MOVIE REVIEW: Birdman or (The Unexpected Virtue of Ignorance)

A soaring, cinematic joyride from start to finish



( When we first see Riggan Thomson (Michael Keaton), the camera is momentarily at a standstill. He is bathed in sunlight, levitating above the ground in a lotus position. It’s almost peaceful-until we hear the growling, almost grotesque voice in his head. This is where the calmness ends. For the rest of the two-hour running time, it’s an electrifying rush through cramped theater corridors and the blindingly bright lights of Broadway.


Riggan is the deplorable but desperately beating heart of this biting showbiz satire, a washed-up actor best known for his blockbuster role in the fictional "Birdman" superhero franchise. His struggle to earn the respect and credibility he so fiercely craves leads him to star, write, and direct on a Broadway stage.




It’s a poignant, tour-de-force performance from Keaton, who injects marvelous depth to a character who wants nothing but his former glory back. "You always confused being admired with being loved," he is told, and we watch with utter fascination as Keaton masterfully peels off the many layers that make his complex character. Riggan aches for relevance, but refuses to take part in this alien world of celebrities and social media. Whatever ambition he might have is overshadowed and consumed by self-loathing-the disembodied voice that taunts him when he’s feeling vulnerable and often pushing him to the brink of mania.


Edward Norton also turns in a fantastic performance as the volatile Mike Shiner, who steps in just as the play’s public rehearsals are about to begin. He’s a preening and accomplished theater actor who feels most alive onstage. He is simultaneously the best part about Riggan’s play, and the person poised to bring it all crashing down. Emma Stone, meanwhile, shines as Sam, Riggan’s world-weary daughter who has demons of her own. She is the lone voice of reason in this mess, her pointed words like knives to the inflated male egos that surround her.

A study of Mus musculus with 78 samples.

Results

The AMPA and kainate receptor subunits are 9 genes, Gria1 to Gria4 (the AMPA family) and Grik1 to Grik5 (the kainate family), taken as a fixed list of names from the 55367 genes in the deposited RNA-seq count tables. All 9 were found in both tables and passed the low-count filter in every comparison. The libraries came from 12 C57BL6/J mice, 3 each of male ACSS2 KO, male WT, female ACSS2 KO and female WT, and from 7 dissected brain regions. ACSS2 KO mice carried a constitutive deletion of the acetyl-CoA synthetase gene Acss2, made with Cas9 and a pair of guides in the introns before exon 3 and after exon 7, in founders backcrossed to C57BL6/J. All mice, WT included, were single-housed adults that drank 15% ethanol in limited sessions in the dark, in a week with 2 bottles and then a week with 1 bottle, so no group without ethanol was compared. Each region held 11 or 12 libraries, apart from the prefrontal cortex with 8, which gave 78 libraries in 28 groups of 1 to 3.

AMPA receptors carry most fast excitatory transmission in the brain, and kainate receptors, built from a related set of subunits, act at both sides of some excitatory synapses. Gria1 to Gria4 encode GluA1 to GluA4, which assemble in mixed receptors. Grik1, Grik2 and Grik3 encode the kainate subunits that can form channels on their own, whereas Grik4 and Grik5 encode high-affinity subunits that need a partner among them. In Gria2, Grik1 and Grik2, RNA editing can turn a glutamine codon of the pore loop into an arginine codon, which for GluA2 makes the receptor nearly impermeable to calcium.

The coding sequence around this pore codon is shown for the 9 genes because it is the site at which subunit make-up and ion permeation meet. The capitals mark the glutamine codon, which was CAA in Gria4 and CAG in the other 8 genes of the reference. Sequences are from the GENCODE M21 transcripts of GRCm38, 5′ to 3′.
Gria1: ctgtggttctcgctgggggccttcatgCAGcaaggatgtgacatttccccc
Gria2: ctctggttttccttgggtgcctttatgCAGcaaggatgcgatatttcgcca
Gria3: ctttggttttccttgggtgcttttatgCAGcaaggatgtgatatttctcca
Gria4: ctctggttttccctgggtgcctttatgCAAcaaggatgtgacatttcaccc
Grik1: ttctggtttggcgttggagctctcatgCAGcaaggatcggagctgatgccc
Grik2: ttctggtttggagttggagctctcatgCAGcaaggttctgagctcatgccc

Director Alejandro González Iñárritu renders his film in a triumphant act of showmanship. He teams up with cinematographer Emmanuel Lubezki to give the illusion that it was all filmed in one continuous take. The camera takes us through cramped hallways, swerving around corners, and into the bustling streets of New York. It flies out for dreamlike sequences, then uncomfortably closes in for intense conversations. The latter forces the impressive ensemble cast to up the ante in their performances, and none of them disappoint. The former, meanwhile, subjects the audience to a surreal marriage of reality and fantasy, with imagery that is not lost on the perceptive viewer.




A restless and percussive score from Antonio Sanchez is a fitting accompaniment to the camera’s visual twists and turns, propelling emotional scenes to even greater heights. The script-written by Iñárritu, Nicolas Giacobone, Alexander Dinelaris, and Armando Bo-meticulously creates a fully realized world, with clever pop culture references and snappy dialogue that is often laugh-out-loud funny yet unapologetically honest.



Birdman soars much higher than simply a bitingly self-aware tale on fame and Hollywood. At the crux of all its sharp wit and delirious grandeur are its universal themes of validating your existence, finding your place in this world, and leaving a mark on it.


RATING: 5 out of 5 spots


Birdman or (The Unexpected Virtue of Ignorance) is out in theaters January 28, exclusively at Ayala Cinemas. Photos courtesy of 20th Century Fox.